Much of that kind of funny money will be back. Simply moving already
printed paper across oceans is a useless endeavor. Money is merely
a means of exchange. It is not wealth in itself. A nation's
real material wealth is the sum total of usable goods and services it produces.
The foundation of this production is the population in any given locale.
Wealth is created by people and for people. America stopped being
that kind of real wealth generator a long time ago. In its place
arose a successor
stem based on being the money market, media megaphone and military arbiter of the world. These 'services' are now also being revealed as inherently corrupt.
"Further, the president comes out with a stupid plan with limited oversight of corporate greed."
His friends don't want stricter controls. It's like expecting John Dillinger to guard the bank.
"Mr. Gary Winnick of Global Crossing gave himself 100 million shares of stock and sold at $60 and only gives to Israeli charities."
The executive compensation committee of the board of directors gave him those shares. The biggest result to date in the drive to 'clean up corporate corruption' has to been to "shoot the messenger", i.e. the outside auditors like Arthur Andersen with Enron.
"Corporate America cares not for this country..."
Why should they? It's not their 'nation'. One Man once said "wheresoever a man's treasures are, there his heart is also". That's a profound common sense observation. The Jews killed Jesus for saying that and many other things they didn't like. By that standard 'America' is certainly not Gary Winnick's 'nation'. The destination of his treasure say his 'nation' is the Satanic anti-Christ Kingdom of the Jews. It's always the suckers fault for believing the lies of the Masters of Lies. Old Roman law said caveat emptor. Several thousand years of experiments have not improved on this economic principle.
"...the fools we have for leaders will find themselves in the same sinking boat that they built for the masses."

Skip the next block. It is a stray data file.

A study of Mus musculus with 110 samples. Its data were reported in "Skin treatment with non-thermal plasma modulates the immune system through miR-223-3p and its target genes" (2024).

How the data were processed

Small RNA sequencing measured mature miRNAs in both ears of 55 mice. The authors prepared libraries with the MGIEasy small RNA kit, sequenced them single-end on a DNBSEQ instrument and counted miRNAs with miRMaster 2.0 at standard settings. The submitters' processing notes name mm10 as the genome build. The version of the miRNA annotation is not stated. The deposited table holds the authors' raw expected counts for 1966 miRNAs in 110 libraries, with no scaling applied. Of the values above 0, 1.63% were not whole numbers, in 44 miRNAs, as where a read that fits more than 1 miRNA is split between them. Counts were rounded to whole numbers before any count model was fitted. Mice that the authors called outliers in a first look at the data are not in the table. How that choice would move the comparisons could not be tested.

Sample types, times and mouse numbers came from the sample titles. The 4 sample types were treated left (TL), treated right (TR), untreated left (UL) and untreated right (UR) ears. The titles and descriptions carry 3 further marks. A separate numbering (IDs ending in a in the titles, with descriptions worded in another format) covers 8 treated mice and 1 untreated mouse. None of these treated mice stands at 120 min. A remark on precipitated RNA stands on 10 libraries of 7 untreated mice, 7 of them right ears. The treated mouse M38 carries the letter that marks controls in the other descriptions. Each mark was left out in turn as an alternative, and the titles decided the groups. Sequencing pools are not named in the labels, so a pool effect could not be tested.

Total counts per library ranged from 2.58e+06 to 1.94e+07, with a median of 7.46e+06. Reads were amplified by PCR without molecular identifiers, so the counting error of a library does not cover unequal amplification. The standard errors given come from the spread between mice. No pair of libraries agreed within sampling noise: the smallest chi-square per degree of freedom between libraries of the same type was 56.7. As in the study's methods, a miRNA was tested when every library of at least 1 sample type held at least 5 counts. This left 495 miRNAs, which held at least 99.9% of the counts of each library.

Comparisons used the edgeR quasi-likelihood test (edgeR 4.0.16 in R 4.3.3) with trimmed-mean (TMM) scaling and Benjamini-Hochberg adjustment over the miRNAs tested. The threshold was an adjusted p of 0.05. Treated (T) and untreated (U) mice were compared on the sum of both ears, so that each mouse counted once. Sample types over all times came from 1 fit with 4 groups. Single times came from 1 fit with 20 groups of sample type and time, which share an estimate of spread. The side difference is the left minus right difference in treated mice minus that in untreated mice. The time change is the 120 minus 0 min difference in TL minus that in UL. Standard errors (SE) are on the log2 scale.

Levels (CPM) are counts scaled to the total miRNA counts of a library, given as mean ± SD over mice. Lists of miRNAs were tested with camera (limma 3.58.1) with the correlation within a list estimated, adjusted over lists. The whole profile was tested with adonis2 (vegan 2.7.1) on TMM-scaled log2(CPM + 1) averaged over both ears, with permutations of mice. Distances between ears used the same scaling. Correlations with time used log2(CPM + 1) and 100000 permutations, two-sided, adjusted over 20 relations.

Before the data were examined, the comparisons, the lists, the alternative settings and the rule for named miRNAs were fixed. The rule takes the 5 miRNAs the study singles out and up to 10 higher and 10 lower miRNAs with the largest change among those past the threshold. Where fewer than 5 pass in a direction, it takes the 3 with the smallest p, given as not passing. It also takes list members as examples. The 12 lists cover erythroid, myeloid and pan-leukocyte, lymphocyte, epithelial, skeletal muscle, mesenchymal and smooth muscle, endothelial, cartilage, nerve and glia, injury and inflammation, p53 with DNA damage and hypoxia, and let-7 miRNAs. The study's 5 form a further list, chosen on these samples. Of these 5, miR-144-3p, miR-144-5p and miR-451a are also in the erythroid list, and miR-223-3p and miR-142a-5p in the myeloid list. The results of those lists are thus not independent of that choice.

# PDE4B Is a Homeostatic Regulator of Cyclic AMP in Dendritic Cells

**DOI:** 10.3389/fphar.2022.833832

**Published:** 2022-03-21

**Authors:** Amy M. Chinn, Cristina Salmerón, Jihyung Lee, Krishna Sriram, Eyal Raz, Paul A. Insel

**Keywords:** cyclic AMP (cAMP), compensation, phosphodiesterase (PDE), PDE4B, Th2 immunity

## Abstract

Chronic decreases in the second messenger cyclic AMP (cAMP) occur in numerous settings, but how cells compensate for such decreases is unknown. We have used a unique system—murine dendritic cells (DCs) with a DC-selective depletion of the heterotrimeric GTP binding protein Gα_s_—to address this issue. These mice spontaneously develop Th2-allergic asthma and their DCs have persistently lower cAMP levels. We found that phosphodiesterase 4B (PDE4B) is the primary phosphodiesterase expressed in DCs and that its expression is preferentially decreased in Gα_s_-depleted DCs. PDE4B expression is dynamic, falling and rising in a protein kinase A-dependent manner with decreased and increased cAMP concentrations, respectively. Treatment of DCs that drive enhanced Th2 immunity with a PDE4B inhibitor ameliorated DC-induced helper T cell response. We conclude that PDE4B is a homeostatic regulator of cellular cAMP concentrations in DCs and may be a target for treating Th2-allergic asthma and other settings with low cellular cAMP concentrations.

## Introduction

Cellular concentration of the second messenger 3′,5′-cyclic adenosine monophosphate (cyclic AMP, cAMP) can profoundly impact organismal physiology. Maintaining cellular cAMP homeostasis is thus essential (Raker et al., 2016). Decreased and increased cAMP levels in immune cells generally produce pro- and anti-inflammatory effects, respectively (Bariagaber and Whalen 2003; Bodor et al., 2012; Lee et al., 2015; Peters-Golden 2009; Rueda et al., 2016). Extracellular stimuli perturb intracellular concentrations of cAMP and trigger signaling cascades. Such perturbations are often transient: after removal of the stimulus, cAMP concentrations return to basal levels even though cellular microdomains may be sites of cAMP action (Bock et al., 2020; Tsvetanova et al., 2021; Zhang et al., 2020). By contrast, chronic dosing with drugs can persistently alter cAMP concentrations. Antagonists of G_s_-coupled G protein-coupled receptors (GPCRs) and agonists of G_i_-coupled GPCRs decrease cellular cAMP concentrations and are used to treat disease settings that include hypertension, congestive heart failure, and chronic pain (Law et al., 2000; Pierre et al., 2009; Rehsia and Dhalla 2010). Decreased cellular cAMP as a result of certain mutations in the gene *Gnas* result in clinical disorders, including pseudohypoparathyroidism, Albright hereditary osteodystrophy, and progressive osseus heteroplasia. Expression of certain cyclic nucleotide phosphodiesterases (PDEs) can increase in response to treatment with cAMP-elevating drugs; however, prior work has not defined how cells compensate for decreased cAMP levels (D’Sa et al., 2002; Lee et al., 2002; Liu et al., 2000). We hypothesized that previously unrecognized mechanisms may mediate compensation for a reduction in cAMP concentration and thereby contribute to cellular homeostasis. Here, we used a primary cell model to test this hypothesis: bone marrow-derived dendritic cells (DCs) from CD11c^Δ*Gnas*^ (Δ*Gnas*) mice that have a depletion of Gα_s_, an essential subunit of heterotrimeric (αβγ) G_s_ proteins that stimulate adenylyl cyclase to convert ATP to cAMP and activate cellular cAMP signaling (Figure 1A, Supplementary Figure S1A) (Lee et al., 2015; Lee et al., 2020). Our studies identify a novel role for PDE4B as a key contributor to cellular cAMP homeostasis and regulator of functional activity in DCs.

I often wonder who are the bigger fools. The ones at the top or the ones at the bottom who tolerate them, look to them and trundle off every other November to stuff a ballot box and expect to win a socio-political lottery prize doing so? Cleaning all this up is going to require a little bit more than an Omnibus Clean Corporate Governance Act from Congress and some new SEC forms to add to the EDGAR public online database only a few read anyway. It will require wholesale changes in personnel at the top. Such personnel turnover is typically called "revolution". In 19th Century America there were Constitutional mechanisms for accomplishing this peacefully. ZOG's entire policy in the 20th Century was gaming this system to prevent such events.
It is not FAEM's purpose to be a daily market commentator or individual investment advisor. But here's what I said privately to Robert last Friday about the July 5th market spike up:
"From my own formerly experienced viewpoint today's market rally has all the earmarks of being a short covering frenzy. That's light trading volume and a sudden spike-up in prices in badly sold-down issues. Basically the 'bears' who had already sold short long before bought back to lock-in their profits and repay their stock loans. As the reports for the goyim said, the rally occurred in the most beat-up stocks and market sectors. In individual stocks this sort of event was always the preliminary to a further sustained bleeding decline.
Coming on a short houred trading day following a holiday this also confirms another thesis of mine. The typical seller is the individual, and more specifically the aging baby boomer. Today that seller is away at the beach or where ever. The remaining buyers are mostly institutions running on semi-autopilot, i.e. pension funds accumulate moneys and then add to their portfolios in proportions designed to keep them balanced according to their strategy."
I'll expand here just a bit. For the stock market "individuals" includes stock mutual funds. Most people incorrectly categorize mutual funds as being institutions like pension funds, insurance companies, college endowments, charitable foundations and bank trust departments. This view of mutual funds is wrong. The latter institutions cannot be forced by individual consumer sentiment to do anything. A mutual fund can be so forced as part of its legal contract with each individual.
A mutual fund is merely professional stock portfolio management sold to the individual on a group basis. The individual can exit the stock market any time by redeeming his mutual fund shares. When redemptions occur the fund management pays the individual cash for his fund shares. The first source of cash is the average 3% 'cash reserve' mutual funds keep for redemptions and also new stock purchases. This is starting to sound like a bank and its 'reserves', ain't it? (brutal grin). Well that's exactly what a mutual fund is, a stock bank. When redemptions equal new fund share purchases the fund stops being a net buyer of stocks. When redemptions are larger than new fund investments said mutual fund becomes a stock seller.
"What do I do, what should I do?" These emails come every day to me. Read the FAEM archives.